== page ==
WHAT is the French wine that appears most often on restaurant wine-lists? I admit to not knowing the answer, but I would put my money on Chablis. The wines from this small region of Burgundy have created for themselves such a reputation that their name became a generic term for dry white wines. I can remember some years ago coming across a wine in New Zealand, Chablisse, with the slogan “The wine that makes the frogs jump”!
Chablis is one vineyard region that is benefiting from global warming. After the difficult 2013 vintage, both the 2014 and 2015 have been outstanding, with the wines achieving their optimal balance of fruit, minerality, and acidity.
There is a hierarchy within the classification of the wines of Chablis. The lowest classification is Petit Chablis: the wines come from vineyards planted on the top of the hills of the region. The other three classes of wine — Chablis, Chablis Premier Cru, and Chablis Grands Crus — all come from hillside slopes.
At the level of Petit Chablis, Sainsbury’s has one in its Taste the Difference range at £9; Waitrose has a Chablis Les Armes 2014 (from the excellent co-operative cellar La Chablisienne) at £15.49; and Majestic has one from the Séguinot-Bordet Estate, at £11.99. (This price comes down to £9.99 if you buy five other bottles of wine.) Under the new management of Majestic, while you can now buy single bottles of wine, you appear to have to buy six, when previously you only had to buy two — and often receive a greater reduction.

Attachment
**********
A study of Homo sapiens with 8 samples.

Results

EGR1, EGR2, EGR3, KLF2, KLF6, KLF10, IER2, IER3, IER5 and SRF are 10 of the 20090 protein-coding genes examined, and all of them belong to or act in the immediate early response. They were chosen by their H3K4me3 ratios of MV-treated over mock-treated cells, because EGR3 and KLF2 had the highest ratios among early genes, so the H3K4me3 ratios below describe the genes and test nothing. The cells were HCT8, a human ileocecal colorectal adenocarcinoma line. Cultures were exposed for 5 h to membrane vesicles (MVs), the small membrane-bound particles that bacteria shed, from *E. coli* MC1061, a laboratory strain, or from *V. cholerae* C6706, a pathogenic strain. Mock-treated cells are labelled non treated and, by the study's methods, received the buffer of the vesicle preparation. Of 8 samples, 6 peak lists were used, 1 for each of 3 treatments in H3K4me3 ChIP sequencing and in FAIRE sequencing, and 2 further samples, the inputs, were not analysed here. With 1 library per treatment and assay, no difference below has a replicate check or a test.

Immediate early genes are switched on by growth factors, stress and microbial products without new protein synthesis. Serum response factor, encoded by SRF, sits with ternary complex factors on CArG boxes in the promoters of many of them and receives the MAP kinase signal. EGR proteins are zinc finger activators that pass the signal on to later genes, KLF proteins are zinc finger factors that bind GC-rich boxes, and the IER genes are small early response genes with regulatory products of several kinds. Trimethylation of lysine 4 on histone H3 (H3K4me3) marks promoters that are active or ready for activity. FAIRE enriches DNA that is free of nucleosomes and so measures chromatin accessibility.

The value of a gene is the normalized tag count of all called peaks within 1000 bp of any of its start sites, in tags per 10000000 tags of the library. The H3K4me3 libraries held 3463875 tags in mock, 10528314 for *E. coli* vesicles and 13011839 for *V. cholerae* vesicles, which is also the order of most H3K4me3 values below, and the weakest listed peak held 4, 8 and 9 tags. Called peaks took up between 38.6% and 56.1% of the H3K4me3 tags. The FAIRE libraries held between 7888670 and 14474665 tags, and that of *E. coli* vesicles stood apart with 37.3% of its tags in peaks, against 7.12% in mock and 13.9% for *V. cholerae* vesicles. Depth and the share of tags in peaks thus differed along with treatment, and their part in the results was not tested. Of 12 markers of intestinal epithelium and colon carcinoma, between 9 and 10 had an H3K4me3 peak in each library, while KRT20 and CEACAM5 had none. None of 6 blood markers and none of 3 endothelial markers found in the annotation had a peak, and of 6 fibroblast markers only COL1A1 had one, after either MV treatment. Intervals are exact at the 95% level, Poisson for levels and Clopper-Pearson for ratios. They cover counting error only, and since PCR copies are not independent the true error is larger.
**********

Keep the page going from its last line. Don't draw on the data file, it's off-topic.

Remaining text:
At the Chablis level, there is a broad range of wines available. You might like to try Sainsbury’s La Terrasse at £11, or their Taste the Difference wine at £10. The buyers at Waitrose have teamed up with the Co-operative Cellar to create an excellent Chablis 2014 at £9.49. They also have a 2014 wine from Domaine Louis Moreau at £15.99. Oddbins have an excellent range of Chablis, with 2014 vintage wines from the Domaine Alain Geoffroy at £13, and a wine created exclusively for them by Jules Billaud at £16.75.
Approximately a sixth of the production of Chablis is classed as premier cru. These wines come from 89 plots, which might be sold under the name of the plot, or, in a bid to simplify the system, more regularly under a name which groups a number of these plots together. Thus a wine from the plot of Les Lys, in the village of Milly, can be sold as Chablis Premier Cru Les Lys, or as Chablis Premier Cru Vaillons. (In the latter case it might be blended with wine from certain other plots such as Les Beugnons and Vaillons itself.)
Often, wines from different vineyards are blended together and sold as Chablis 1er Cru. Sainsbury’s have just such a wine from the Brocard estate, at £16, and Waitrose has one under the name Esprit de Chablis for £18.99.
Under the individual vineyard names, I would recommend the Long Depaquit Vaillons (Oddbins, £20); and the Brocard Sainte-Céline Mont de Milieu (Sainsbury’s, £17). Waitrose also has a Vaillons 2013 from William Fèvre (£21.99). Finally, they have also just launched a grand cru wine, Billaud-Simon Vaudésir 2013, at £52. It should be worth saving up for.